Journal: Sunday 1 October 2000
Luck was with us this morning when we left our apartment and immediately an empty service taxi stopped to ask if we wanted to go somewhere. We had planned to visit the Valley of the Kings, but hadn’t decided how to get there as ordinary arabeyas don’t travel that route, so we thankfully climbed into the front of the rickety old Peugeot pick-up next to the driver and set off along the bumpy road on the edge of the cultivation, turning off towards the Valley. Getting out in the car park and paying our driver the LE5 fare, we set off up the road to buy tickets.
I especially wanted to see the excavations of the Amarna Royal Tombs Project (ARTP) that I had been following for the past few seasons and I knew that excavations were due to begin about the same time as we arrived in Egypt. Already the scene has changed a lot since I was here in March. While some areas have been backfilled, the new excavations now extend to both sides of the tourist path to include the area in front of KV10, the tomb of Amenemesse. Another lucky break – my friend Nubi is working for Dr Otto Schaden at KV10 and he came over as soon as he saw us to tell us what had been happening on the ARTP dig…. apparently not a lot so far, apart from a great deal of clearance and the creation of mountains of rubble. I immediately picked up on the feeling of excitement and hope that archaeologists must have at the beginning of a new season and wondered what amazing new discoveries might be made. Would they at last find an Amarna Period tomb? The excavation trench has also extended further east towards the tomb of Tutankhamun and a team of workmen were very busy there, so after a quick peek Jenny and I left to visit the tombs of Amenhotep I and Merenptah.
By late morning the high cliffs on either side of the road were funnelling the heat down into the bottom of the valley and it felt like being in a furnace. I really don’t know how the workmen manage to carry on in these temperatures, shovelling up the rocky sand and running up and down slopes or ladders laden with heavy baskets of rubble. I guess they’re used to the heat. There were a lot of tourists about this morning and I remembered that I have always tried to avoid being there in the early morning for that reason, preferring to brave the afternoon heat rather than the morning crowds. The day was still going well when we got back to the car park and met my friend Tayib, a taxi-driver who had just dropped off some tourists and he offered us a lift back to Kom Lolla.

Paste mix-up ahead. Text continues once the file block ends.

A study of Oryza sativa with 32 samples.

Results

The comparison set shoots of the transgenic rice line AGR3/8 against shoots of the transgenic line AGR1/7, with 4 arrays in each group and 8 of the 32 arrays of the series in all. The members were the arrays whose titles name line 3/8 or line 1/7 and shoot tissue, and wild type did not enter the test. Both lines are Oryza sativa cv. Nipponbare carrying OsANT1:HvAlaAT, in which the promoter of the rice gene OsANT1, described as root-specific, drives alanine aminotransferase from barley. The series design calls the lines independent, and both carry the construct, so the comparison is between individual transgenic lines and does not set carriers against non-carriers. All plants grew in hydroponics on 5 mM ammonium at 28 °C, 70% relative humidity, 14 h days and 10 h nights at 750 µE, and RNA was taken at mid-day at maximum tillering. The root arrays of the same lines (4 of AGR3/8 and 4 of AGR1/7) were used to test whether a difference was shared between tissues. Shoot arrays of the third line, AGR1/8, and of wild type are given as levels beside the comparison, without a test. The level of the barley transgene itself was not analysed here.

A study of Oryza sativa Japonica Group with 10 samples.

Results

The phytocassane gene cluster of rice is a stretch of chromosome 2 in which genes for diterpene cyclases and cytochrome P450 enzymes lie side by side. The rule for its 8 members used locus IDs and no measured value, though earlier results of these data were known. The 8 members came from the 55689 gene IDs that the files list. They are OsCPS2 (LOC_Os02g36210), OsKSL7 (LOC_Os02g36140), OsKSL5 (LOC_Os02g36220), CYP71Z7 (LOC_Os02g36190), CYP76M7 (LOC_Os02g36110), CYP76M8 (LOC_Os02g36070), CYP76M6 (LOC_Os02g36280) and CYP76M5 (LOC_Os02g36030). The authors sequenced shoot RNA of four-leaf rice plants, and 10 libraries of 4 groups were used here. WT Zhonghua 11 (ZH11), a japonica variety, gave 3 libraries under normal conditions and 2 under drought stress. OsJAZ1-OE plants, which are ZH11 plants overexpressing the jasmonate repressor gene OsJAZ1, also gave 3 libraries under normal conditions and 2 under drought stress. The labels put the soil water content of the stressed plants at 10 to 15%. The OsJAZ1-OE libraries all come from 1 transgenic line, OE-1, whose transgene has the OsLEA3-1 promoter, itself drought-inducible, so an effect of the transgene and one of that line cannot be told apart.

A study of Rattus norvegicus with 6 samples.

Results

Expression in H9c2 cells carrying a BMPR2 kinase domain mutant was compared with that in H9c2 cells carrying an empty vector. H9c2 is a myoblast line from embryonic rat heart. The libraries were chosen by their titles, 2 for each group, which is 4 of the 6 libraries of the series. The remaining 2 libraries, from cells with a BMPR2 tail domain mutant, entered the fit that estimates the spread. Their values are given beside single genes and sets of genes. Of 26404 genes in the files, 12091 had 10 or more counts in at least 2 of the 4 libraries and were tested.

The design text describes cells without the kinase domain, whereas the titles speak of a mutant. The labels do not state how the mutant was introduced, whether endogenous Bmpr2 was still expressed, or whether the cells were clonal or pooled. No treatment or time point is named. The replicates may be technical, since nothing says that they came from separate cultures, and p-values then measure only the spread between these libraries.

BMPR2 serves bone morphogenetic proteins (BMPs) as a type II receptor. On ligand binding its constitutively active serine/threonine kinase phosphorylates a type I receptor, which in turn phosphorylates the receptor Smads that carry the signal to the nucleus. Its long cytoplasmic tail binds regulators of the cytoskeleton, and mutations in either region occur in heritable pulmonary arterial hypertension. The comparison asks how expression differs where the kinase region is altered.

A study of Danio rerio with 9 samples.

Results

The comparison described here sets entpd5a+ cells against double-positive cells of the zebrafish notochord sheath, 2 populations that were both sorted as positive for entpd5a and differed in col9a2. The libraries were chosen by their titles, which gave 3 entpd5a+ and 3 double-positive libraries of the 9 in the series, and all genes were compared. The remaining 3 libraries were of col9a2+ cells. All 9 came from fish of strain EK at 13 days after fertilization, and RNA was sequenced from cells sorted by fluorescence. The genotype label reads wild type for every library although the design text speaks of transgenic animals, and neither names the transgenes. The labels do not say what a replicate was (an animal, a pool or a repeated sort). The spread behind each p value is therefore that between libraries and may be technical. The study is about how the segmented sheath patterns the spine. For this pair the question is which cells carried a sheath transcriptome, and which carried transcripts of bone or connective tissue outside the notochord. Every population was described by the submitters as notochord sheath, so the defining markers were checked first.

Later in the afternoon Jenny and I walked to Malqata, past Habu Temple and through a scrubby area of long grass where a little track winds its way to the next village. I thought the tourist police might try to stop us from taking this route which is not officially allowed, but there was only one policeman on duty near the temple and he was taking his siesta. We sat on a sandy bank on the edge of the site of the palace of Amenhotep III and watched the sun slide down behind the hills sending darkness into the corners between the low walls of the palace. This place is so evocative and mysterious at sunset and I love it. One of the gafirs I know came out to say hello and sat with us in silence for a while until we all began to get chilled by the wind that had blown up with the setting sun.
We were going to stop at the Rameses Cafeteria for dinner, but there was a large tourist group there and it looked very crowded. Our friend Salah was due to finish his day’s work at the cafe soon and he suggested that we all went to the Kofta House at el-Tarif to eat. Salah’s friend Ramadan who owns a taxi, drove us to el-Tarif and shared the meal with us. I hadn’t been there before and the tiny restaurant was obviously a place where only the locals eat (i.e. the local men). We sat outside at a rickety table covered by a worn plastic cloth, beneath strings of bare light bulbs. Food was cooked over charcoal on a spit at the front by the road and as well as being a restaurant it also seemed to have a high proportion of take-away customers. Always a good sign. While the others enjoyed mountainous portions of freshly grilled chicken or Kofta (a kind of sausage made into little balls), I had rice and vegetables as the only vegetarian option, but the meal was delicious and cost only a few Egyptian pounds for all of us. Jenny and I took advantage of having a captive taxi-driver and stocked up on basic supplies from a little grocery store on the way home and we drove back to Kom Lolla with two boxes of bottled water on the roof of the car. Forty eight large bottles of Baraka should keep us going for a while and we wouldn’t need to go out and buy it each day.